I took notes yesterday on the key claims made during the commission’s discussion of the High-Density Housing Overlay. A lot of what Grand County Attorney Christina Sloan said during the meeting was false or misleading. Some of what the commissioners said was the same way. The previous meeting had more aggregious offenses in this respect.
I want to follow up with a fact checking article that drills down on what Sloan, the commissioners, the developers and others have said about the HDHO to demonstrate that the county has a lot of what it is saying and doing wrong.
One quick example is that Grand County Commissioner Kevin Walker proposed during this week’s meeting that developers interested in creating remntal housing simply seek outside investment to buy into their partnerships or corporations.
I was a bit baffled by this suggestion when he made it. Does he think this wasn’t already a consideration developers made? Does he think this would have any effect different from allowing the outside investors to buy directly?
I even asked a developer a few weeks ago about this prospect. Here’s what Cortney Kizer, owner of the Murphy Flats development, said:
I have not yet called Walker to hash out this apparent misunderstanding.
Somewhat related, here is a video of the public hearing regarding applying the HDHO to the Murphy Flats property: Applying HDHO to Murphy Flats expansion.
The video is actually the second time the couple went before the Grand County Council for HDHO approval; they had previously received approval for a smaller development under the plan and went back for seconds.
In other news (outlets)
The New York Times: The Latest Case of Vaccine Alarmism
What’s the bottom line? A single Johnson & Johnson shot may indeed allow a somewhat larger number of mild Covid cases than two shots of Moderna or Pfizer. It’s hard to be sure. And it isn’t very important.
“The number that we should all truly care about is what are the chances I’m going to get this thing and get really sick or die,” Wachter said. After any of the three vaccines, he added, “There’s essentially no chance you will die of Covid, which is breathtaking.”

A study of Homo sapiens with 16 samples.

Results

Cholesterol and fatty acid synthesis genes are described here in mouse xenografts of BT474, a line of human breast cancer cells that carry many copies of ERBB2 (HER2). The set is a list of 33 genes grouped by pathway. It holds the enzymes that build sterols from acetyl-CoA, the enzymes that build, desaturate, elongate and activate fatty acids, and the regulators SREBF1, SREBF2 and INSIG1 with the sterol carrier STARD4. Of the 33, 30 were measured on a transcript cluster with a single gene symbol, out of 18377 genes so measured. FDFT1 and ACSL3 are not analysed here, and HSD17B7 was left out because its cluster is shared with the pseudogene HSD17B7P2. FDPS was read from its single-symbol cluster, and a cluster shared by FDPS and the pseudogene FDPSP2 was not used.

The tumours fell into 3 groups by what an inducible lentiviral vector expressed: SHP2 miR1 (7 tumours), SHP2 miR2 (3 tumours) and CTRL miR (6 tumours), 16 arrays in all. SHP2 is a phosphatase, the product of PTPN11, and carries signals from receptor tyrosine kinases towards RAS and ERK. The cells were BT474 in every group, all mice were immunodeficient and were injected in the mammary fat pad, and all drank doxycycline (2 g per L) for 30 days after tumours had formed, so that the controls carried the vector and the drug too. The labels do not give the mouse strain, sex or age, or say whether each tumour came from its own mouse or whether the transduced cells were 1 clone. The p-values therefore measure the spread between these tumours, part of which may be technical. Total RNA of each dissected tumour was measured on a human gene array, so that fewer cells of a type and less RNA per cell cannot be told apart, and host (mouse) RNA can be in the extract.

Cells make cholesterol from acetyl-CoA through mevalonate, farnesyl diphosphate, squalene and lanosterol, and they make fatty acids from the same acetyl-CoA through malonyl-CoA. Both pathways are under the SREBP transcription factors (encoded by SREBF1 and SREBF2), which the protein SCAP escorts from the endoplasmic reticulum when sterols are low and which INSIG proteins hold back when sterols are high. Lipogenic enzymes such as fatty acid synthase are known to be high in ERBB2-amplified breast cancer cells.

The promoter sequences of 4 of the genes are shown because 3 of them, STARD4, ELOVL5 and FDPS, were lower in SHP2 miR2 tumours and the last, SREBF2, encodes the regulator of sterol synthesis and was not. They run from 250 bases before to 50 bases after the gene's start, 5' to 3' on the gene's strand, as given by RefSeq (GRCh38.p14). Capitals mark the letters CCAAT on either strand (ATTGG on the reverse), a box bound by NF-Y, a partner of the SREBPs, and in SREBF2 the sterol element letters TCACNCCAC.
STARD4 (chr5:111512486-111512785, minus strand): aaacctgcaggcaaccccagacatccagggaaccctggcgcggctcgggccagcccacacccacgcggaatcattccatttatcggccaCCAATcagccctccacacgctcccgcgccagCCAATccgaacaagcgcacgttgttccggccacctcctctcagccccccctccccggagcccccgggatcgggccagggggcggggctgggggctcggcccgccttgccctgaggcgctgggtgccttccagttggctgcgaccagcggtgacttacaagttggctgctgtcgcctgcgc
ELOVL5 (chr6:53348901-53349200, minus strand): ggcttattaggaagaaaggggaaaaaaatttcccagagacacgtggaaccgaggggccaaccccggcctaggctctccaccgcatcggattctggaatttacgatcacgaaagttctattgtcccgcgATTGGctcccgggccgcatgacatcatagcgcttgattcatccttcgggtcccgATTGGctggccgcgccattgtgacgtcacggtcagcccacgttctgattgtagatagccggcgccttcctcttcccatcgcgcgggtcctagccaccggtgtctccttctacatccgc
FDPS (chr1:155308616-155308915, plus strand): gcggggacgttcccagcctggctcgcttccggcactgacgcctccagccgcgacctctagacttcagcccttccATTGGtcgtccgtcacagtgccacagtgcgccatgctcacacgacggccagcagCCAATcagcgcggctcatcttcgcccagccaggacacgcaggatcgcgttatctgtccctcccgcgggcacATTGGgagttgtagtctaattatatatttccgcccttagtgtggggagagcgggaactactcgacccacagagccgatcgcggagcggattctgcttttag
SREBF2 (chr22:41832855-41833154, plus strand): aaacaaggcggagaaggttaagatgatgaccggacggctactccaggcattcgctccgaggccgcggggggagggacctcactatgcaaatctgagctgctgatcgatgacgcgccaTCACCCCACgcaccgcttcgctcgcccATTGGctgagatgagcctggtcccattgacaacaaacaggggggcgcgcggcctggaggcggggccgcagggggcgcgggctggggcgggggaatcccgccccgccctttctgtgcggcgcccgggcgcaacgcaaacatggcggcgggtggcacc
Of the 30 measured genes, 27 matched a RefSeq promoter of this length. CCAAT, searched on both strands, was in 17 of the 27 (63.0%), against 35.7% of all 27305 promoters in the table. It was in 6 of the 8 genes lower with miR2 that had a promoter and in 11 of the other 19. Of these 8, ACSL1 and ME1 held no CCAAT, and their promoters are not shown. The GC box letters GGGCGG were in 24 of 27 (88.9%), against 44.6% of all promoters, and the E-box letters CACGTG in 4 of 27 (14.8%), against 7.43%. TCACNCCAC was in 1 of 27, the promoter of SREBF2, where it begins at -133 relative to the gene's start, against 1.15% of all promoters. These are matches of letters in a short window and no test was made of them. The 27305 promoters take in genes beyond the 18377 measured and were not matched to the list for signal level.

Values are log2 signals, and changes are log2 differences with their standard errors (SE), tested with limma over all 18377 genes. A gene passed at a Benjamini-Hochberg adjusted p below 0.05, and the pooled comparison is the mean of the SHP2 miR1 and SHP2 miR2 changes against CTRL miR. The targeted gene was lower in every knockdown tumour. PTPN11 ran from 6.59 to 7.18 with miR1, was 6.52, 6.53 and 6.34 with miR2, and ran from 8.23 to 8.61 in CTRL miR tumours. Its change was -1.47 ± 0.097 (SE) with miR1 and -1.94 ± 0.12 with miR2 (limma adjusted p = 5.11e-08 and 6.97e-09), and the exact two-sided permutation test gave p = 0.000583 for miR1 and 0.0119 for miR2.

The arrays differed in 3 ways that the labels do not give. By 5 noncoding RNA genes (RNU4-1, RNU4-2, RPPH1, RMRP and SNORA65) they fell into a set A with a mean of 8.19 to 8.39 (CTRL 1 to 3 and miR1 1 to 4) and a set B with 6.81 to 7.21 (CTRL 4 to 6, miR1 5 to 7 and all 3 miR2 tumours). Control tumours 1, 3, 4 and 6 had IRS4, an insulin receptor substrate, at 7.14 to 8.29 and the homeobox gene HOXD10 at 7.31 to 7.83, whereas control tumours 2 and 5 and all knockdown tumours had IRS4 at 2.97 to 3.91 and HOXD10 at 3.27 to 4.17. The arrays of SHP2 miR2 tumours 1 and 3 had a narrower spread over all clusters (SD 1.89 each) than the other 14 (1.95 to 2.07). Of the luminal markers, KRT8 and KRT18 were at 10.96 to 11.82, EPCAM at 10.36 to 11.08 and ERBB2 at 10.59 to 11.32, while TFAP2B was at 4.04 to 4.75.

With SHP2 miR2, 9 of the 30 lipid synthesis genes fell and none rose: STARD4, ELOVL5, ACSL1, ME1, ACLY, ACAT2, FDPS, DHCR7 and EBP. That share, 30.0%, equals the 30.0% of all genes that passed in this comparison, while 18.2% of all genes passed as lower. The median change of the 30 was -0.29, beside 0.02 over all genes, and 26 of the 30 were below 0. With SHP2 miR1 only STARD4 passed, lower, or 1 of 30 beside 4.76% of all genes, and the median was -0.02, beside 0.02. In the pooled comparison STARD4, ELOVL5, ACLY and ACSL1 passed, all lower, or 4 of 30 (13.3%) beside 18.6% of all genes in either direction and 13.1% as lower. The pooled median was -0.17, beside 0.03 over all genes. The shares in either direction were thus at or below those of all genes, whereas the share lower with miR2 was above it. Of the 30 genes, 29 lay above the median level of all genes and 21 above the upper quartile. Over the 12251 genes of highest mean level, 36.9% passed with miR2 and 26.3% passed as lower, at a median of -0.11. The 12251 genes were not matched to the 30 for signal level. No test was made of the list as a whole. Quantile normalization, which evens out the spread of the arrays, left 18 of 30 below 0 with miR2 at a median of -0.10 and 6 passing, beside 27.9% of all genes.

In related news, the U.S. has sped up vaccine delivery such that, if it maintains its current pace, 90% of the population will be fully vaccinated on or before Oct. 6.
Change happens slowly if you give it enough time. Not only are the bends and flow of the Green River an example of that, but so is the small town of Green River.
However, to capitalize on the strengths, Black admitted the city needs to focus on its weaknesses.
Namely, the appearance of the town. There are many older run-down buildings with broken windows up and down Main Street.
Black knows that first impression might keep visitors from spending time here.
“Eventually we’ll get it cleaned up and looking better and make it a place where people want to come,” she said.
I’ve only ever driven past Green River (unlike Moab, the highway runs next to rather than through it), so I can’t speak to its ugliness, but it would be totally unsurprising to me if the city is that ugly.
With Moab continuing to grow fast, Johnson said she has seen more people looking to stay overnight in Green River because it’s usually cheaper for a hotel room.
Moab is about 45 minutes south of Green River.
“We have seen some of the overflow here,” said Johnson. “We have a lot of guests that come and say it’s a little bit cheaper and less congested.”
I’m sure Moab couldn’t be happier for Green River.
The Salt Lake Tribune: Utah domestic violence shelters seek more state funding to meet need during COVID-19
This story is from Feb. 4, so it’s a bit stale but related to the Seekhaven story from earlier this week.
“This is a perfect storm,” said Abi Taylor, executive director of Seekhaven, which serves Grand and San Juan counties. “There happens to be a big budget cut in the midst of our services being demanded more than ever before.”
Seekhaven is celebrating its 30th anniversary in 2021, and it is hoping to build a new facility in Moab. But that will become more difficult with the decline in VOCA funding.
That quote would explain why Taylor sent me the article. Zak Podmore has the second byline on the story.
Taylor also gave me a copy of a letter that a state agency sent to organizations like Seekhaven regarding the funding mechanisms that are presenting the challenge. It’s a bit opaque; I can’t tell what are flaws in program design, what is random misfortune, and how much is suffering by design.